Characterization of a pDNA Biomanufacturing Fermentation Process Using Definitive Screening...
Jun 19, 2017 8:13 AM
| Last Modified: Jun 26, 2017 10:13 AM
Characterization of a pDNA Biomanufacturing Fermentation Process Using Definitive Screening Designs and JMP® 10 Software
Dogan Ornek, PhD, Senior Scientist, Lonza Biologics Philip Ramsey, PhD, Professor, University of New Hampshire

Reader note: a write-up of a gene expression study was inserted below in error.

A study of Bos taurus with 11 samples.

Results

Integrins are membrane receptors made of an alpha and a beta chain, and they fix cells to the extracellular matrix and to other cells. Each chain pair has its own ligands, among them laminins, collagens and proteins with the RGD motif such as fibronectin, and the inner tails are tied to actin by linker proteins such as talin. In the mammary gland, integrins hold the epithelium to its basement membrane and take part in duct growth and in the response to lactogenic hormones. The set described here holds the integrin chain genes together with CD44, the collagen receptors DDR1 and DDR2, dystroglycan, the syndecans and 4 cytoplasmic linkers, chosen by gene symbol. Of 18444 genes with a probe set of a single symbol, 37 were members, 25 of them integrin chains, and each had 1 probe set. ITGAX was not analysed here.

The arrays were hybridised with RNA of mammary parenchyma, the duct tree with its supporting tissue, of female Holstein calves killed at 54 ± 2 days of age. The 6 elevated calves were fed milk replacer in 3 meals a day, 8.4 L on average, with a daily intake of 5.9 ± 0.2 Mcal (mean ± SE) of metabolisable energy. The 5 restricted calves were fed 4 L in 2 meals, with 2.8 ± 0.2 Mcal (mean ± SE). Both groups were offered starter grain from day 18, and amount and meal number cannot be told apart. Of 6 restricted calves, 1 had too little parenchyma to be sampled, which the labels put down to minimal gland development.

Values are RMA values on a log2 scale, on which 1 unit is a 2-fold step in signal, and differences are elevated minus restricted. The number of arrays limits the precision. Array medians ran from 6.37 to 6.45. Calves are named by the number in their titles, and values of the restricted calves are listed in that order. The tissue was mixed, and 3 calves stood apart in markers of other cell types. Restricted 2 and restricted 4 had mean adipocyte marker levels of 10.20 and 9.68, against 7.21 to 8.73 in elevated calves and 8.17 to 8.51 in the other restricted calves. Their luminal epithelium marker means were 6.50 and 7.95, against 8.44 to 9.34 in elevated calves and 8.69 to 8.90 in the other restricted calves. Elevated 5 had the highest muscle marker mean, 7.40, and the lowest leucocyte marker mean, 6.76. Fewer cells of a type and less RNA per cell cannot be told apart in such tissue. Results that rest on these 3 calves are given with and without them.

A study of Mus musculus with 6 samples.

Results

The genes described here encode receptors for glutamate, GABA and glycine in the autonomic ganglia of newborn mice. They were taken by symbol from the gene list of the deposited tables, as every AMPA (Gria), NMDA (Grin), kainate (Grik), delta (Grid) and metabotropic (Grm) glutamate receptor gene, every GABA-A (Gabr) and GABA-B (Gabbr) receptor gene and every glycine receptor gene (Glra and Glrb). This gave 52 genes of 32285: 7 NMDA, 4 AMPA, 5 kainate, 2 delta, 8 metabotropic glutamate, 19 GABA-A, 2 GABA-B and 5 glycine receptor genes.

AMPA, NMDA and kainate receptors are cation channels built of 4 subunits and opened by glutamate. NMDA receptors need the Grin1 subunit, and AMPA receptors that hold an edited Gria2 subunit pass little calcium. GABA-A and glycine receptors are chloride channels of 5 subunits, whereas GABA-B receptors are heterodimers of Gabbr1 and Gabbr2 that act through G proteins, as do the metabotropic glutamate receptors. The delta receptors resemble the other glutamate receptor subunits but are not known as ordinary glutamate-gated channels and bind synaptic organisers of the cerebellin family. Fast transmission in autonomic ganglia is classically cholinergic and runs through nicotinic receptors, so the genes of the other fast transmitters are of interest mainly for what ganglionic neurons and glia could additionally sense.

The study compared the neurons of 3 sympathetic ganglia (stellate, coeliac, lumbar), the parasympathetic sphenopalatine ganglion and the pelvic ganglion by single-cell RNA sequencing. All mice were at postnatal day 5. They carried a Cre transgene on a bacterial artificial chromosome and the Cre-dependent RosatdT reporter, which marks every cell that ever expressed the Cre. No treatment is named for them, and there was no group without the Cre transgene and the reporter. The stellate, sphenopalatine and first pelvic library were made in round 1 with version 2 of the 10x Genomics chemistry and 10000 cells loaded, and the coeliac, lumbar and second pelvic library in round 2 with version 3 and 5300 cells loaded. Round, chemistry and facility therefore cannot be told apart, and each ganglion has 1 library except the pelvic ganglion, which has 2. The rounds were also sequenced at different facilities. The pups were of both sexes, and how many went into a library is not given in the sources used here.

Novel antiviral and cancer fighting vaccines based on naked plasmid DNA (pDNA) are heading toward FDA approval. The long-term viability of these vaccines partly depends upon the development of efficient and robust pDNA biomanufacturing processes. Traditionally, this type of characterization has been accomplished via a two-step procedure utilizing a combination of Resolution III or IV screening designs and response surface designs (often Box-Behnken). This two-step process is time-consuming and costly. Jones and Nachtscheim (2011) introduced definitive screening designs, a new class of efficient experimental designs that can allow factor screening as well as the estimation of quadratic effects and two-way interactions within a single experiment. The designs are implemented in JMP 10. In this talk we show how the use of a single five-factor, 15-run definitive screening design resulted in the successful characterization and modeling of a fermentation step of a pDNA biomanufacturing process. In addition, the 15-run definitive screening design was evaluated against a 31-run, 2^(5-1) fractional factorial design augmented with axial points to accommodate quadratic effects. Both designs were used on the same process with the same factors. The 15-run definitive screening design process characterization was equivalent to that provided by the much larger augmented fractional factorial, including the identification of two important quadratic effects. The successful comparison validates the use of definitive screening designs for biomanufacturing process characterization with substantial cost and time savings. The talk will cover details of the design comparison, model selection and process characterization. In addition, a brief tutorial on pDNA manufacturing and vaccines will be provided.